Thursday, August 13, 2009

Wind power: plus ca change

Some common sense observations about wind power's potential in the UK from The Times: it deserves attention as fossil fuels diminish, it has low capital costs, it's plentiful, it's intermittent and there are challenges with power storage, but this is only a problem if it's intended as baseload supply.
In view of our diminishing returns of coal and petroleum, the utilization of wind-power deserves careful attention. The available water power in this country is very limited, and the development of it generally requires so great a capital outlay that the standing charges more than equal the cost of the coal required to produce the same results by means of gas or steam...

Wind-power, on the other hand, is almost unlimited, and the capital outlay for its development compares favourably with that required for gas or steam. The intermittent and varying results obtained from wind-mills, however, confine their usefulness to industries in which the storage of power can be simply effected, and this feature is always met with in some form or other...

It is only when windmills become are used for providing a constant supply of electric current that storage becomes costly and troublesome, and conditions must be favourable to enable wind to compete successfully with other sources of power in this case.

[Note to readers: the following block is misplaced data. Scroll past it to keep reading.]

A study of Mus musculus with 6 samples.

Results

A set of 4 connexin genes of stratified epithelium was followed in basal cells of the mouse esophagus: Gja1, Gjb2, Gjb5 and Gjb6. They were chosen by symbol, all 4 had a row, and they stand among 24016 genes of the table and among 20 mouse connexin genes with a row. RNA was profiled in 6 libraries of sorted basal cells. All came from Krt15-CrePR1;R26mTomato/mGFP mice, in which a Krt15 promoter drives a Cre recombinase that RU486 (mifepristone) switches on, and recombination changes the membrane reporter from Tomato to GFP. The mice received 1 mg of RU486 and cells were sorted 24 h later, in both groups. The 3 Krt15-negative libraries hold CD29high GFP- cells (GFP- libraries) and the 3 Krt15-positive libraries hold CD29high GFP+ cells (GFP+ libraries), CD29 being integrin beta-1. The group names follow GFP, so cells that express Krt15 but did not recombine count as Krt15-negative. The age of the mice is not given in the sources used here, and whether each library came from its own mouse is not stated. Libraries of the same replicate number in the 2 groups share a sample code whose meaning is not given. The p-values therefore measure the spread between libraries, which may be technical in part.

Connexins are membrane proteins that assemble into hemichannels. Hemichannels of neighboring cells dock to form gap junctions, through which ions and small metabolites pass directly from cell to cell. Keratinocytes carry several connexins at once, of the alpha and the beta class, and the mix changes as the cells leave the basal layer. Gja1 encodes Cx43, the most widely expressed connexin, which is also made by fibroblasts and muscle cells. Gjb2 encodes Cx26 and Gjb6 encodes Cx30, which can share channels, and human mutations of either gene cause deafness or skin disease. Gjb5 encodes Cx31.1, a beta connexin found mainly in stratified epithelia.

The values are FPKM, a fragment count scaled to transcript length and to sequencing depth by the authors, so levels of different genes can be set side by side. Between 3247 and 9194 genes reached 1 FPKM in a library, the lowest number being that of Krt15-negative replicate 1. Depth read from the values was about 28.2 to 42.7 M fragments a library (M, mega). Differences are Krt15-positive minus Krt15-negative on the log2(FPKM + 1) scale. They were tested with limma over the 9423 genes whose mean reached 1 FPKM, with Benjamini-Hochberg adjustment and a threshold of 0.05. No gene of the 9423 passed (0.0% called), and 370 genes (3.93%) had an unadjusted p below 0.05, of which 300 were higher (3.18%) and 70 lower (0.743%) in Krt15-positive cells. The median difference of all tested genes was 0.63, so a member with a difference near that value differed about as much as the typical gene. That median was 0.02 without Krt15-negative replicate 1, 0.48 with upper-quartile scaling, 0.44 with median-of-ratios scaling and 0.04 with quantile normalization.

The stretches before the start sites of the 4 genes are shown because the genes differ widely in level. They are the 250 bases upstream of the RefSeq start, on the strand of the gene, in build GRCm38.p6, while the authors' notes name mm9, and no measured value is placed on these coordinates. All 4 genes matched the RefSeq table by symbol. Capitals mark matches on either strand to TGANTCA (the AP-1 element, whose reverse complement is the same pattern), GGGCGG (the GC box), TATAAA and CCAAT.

The punchline? It was written 100 years ago - 1909.

1 comment:

Maryann U said...

You state that wind "has low capital costs, it's plentiful, it's intermittent and there are challenges with power storage, but this is only a problem if it's intended as baseload supply"

Wind must be mandated by governments and subsidised, otherwise it would not be built. Wind power is high cost for low value energy - low value because it cannot be controlled and called up on demand. It requires high cost upgrading to the grid in remote areas and requires costly systems to maintain power and frequency stability on the grid

Energy storage, at the scale required to make wind power a reliable source of dispatchable power, is uneconomic. In addition, costs usually overlooked include full investment and ongoing repair costs.

Wind power is intermittent, as you stated. Electricity is generated only when the wind blows. The demand for wind energy is rarely highest at the times wind is strongest, hence other energy sources must be at the ready as a back up. Older fossil fuel plants need to be replaced to support wind - another large expense - needing more subsidies.

Wind turbines wear out and need to be rebuilt every 8 - 10 years. The costs for rebuilding and for the removal of old turbines are hefty.

Wind farm installations may negatively affect the landowner's credit. In a recent New York case, lenders to a wind company in default did go back to the landowners for additional collateral, which compromised the landowner's credit.

With the increasing evidence of negative findings regarding the impact on the health of those living near wind turbine installations, home values have plummeted and some residents have been forced to walk away from homes in which they can't live - and which they can't sell.

You and the rest of earth's citizens want clean,"green" energy. Wind power is not the answer, at least this point. It's is, however, the poster child for the wind industry and politicians who have jumped on the bandwagon of what they hope is a good political move. It may prove to be a Trojan horse.